Can an 'Open' Math Curriculum Compete With Commercial Publishers?
A major middle-school math curriculum aligned to the Common Core State Standards today goes live for all to download, use, and adapt for free, in what will serve as a major test case as to whether open curriculum resources can truly compete with traditional textbook publishers.
The release of Illustrative Mathematics 6-8 Math, published by the nonprofit Open Up Resources, represents the confluence of three trends that have had a huge impact on curriculum development in recent years: Open educational resources, or OER; the common core; and concerns about curricular coherence—how it aligns across grades.
The curriculum has been released under a Creative Commons license and can be used even for commercial purposes, as long as it is properly attributed to the author and publisher. Illustrative Mathematics, the nonprofit partner that crafted the curriculum for Open Up Resources, is led by William McCallum, one of the primary mathematics writers of the Common Core State Standards.
Larry Singer, the CEO of Open Up Resources, said the curriculum offers a different value proposition to districts than traditional publishers. Usually school districts purchase new textbooks and get some professional development, often of indifferent quality, thrown in for free. Open Up Resources' pitch to districts is essentially the inverse: to give the curriculum for free digitially and couple it with high-quality professional development. (The group also offers printing services for a fee for districts that want paper copies.)
In a sense, it also differs from what's often been a cafeteria-tray approach to using OER. As my colleague Sean Cavanagh has reported, districts are intrigued by OER, but they've raised issues of scope and alignment, since it is a lot more difficult to ensure rigor and coherence across grades when you are using a patchwork of materials.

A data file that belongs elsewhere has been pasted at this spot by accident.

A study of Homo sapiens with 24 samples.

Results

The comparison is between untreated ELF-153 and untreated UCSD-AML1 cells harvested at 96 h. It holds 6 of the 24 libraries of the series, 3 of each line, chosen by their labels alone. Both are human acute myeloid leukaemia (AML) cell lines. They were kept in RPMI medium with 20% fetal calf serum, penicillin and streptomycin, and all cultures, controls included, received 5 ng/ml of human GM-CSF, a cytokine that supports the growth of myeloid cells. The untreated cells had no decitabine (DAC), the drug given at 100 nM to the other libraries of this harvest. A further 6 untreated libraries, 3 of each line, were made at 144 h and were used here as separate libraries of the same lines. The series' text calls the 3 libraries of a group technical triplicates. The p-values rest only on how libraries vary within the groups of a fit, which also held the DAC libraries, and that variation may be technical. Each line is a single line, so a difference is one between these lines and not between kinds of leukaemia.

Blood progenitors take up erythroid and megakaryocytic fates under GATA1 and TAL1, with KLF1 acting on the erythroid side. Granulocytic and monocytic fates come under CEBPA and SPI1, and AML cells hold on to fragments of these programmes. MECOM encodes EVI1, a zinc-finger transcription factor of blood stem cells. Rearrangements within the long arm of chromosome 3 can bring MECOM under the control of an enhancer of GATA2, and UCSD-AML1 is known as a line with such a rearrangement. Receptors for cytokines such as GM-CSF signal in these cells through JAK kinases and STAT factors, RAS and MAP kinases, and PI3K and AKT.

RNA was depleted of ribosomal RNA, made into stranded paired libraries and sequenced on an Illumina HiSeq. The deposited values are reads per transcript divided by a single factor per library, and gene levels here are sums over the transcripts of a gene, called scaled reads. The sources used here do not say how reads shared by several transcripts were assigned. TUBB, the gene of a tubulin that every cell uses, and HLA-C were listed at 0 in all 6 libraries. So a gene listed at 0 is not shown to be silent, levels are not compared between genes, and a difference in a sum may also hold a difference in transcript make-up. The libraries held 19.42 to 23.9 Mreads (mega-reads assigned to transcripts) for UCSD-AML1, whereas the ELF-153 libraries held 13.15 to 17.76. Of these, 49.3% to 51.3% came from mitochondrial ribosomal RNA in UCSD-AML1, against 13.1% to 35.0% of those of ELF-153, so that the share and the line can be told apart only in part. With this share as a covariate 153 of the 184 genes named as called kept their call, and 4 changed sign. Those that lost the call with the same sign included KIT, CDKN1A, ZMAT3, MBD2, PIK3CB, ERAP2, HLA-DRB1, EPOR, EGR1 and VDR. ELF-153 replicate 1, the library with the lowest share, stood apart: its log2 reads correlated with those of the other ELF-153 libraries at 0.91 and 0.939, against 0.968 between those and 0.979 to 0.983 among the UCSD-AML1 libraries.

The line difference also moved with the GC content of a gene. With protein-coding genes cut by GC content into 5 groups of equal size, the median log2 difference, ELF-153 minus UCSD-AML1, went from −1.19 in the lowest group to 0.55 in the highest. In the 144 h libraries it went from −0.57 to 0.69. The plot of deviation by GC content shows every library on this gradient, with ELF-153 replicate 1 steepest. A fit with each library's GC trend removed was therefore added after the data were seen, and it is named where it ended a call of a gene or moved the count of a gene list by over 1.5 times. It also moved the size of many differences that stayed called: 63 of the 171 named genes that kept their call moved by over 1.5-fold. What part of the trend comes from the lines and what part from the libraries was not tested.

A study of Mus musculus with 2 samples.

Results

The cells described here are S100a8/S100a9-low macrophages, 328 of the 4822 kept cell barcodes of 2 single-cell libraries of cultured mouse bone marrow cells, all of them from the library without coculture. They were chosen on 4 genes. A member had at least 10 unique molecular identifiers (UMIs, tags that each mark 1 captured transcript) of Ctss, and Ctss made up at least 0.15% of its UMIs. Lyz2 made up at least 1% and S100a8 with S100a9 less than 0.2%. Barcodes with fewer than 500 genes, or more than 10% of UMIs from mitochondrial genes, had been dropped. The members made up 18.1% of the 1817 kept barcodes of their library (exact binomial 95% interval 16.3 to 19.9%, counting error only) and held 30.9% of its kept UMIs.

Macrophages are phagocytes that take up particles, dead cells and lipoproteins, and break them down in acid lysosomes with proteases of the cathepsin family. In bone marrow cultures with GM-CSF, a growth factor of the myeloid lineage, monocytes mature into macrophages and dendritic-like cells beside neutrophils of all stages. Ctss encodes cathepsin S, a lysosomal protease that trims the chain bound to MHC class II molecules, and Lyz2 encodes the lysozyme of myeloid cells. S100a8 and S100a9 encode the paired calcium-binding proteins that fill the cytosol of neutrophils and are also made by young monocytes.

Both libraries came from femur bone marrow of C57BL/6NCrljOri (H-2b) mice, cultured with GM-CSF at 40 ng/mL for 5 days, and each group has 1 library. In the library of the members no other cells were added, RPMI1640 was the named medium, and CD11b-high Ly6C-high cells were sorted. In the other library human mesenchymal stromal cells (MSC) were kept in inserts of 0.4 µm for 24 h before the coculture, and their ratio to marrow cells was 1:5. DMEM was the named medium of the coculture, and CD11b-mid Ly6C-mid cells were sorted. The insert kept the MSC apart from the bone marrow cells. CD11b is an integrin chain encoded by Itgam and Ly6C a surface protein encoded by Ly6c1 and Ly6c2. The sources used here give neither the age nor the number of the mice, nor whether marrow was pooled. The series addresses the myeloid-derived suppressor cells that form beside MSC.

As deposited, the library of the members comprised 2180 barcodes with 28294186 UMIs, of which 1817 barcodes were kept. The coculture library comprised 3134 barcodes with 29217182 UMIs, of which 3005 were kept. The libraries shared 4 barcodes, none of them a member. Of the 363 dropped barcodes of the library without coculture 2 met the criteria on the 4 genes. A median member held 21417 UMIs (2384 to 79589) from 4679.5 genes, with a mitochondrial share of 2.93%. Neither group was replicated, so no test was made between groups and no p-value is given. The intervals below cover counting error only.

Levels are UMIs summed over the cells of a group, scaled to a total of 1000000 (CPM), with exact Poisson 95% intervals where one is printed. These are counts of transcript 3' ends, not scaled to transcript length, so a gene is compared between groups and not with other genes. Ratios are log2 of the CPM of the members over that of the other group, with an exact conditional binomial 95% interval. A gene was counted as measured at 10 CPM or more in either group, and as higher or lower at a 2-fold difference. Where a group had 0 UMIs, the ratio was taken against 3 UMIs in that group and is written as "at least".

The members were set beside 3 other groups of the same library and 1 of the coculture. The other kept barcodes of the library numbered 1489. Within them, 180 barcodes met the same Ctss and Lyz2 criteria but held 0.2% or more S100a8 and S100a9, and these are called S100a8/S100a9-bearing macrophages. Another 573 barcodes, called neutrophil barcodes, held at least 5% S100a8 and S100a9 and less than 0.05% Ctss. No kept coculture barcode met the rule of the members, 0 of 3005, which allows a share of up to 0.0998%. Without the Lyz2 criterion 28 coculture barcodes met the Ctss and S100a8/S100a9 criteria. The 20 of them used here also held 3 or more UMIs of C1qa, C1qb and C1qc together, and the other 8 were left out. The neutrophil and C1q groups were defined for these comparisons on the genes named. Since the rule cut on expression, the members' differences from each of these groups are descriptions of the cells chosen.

With that in mind, Open Up Resources joins a small handful of other providers that are banking that districts value curricula that's both coherent and flexible—and will pay for premium PD to learn how to make the best use of it.
"It's not enough that it's high quality; it has to be consumable by a school district," Singer said. "Traditionally with OER, a teacher downloads it and starts using it on his or her own, but doesn't have training to use it."
The nonprofit got about $14 milliion in backing from various philanthropies to produce Illustrative Mathematics 6-8 Math, including funding from the Bill & Melinda Gates Foundation and the William & Flora Hewlett Foundation. (Gates also helps support coverage of college- and career-ready standards in Education Week, which retains editorial control over the articles.)
And the return on that investment? Open Up Resources expects to generate about $4 million in revenue by the end of 2017 and $40-50 million by the end of 2018, Singer said.
Currently, more than 160 districts have submitted purchase orders for support services related to the first version of the curriculum released today. That includes printing services and professional development on how to teach it.
Open Up Resources piloted the curriculum in 32 schools across six school districts. The version released today includes all the changes made as a result of feedback. Chief among those changes were improvements to the teacher-facing editions, based on findings from the 175 teachers who piloted the curriculum.
"A lot of it was how the teacher can use the materials to understand the goals of the lesson better," Singer said.
One of the major critiques of the OER movement has come from those who question whether providers can generate enough revenue to keep the materials fresh, relevant, and evolving. (This has been one complaint about New York's popular EngageNY materials. A new group, UnboundEd, is taking up that challenge now.)
Asked about this question, Singer said his organization is planning to begin a user group that, for a membership fee, can pilot enhancements to the curriculum before they're released for free to all. That network will also be instrumental in learning how the curriculum works across different contexts.
McCallum said his team also will create a tool that helps users customize the curriculum without undermining its core architecture: "Teachers like to make modifications, and we want to help them do that in a thoughtful way."
Such advancements may hinge on how successfully the new curriculum proves to be out on the open market. So this is a story to watch.
Brand new to the OER discussion? We've got you covered with this great video explainer.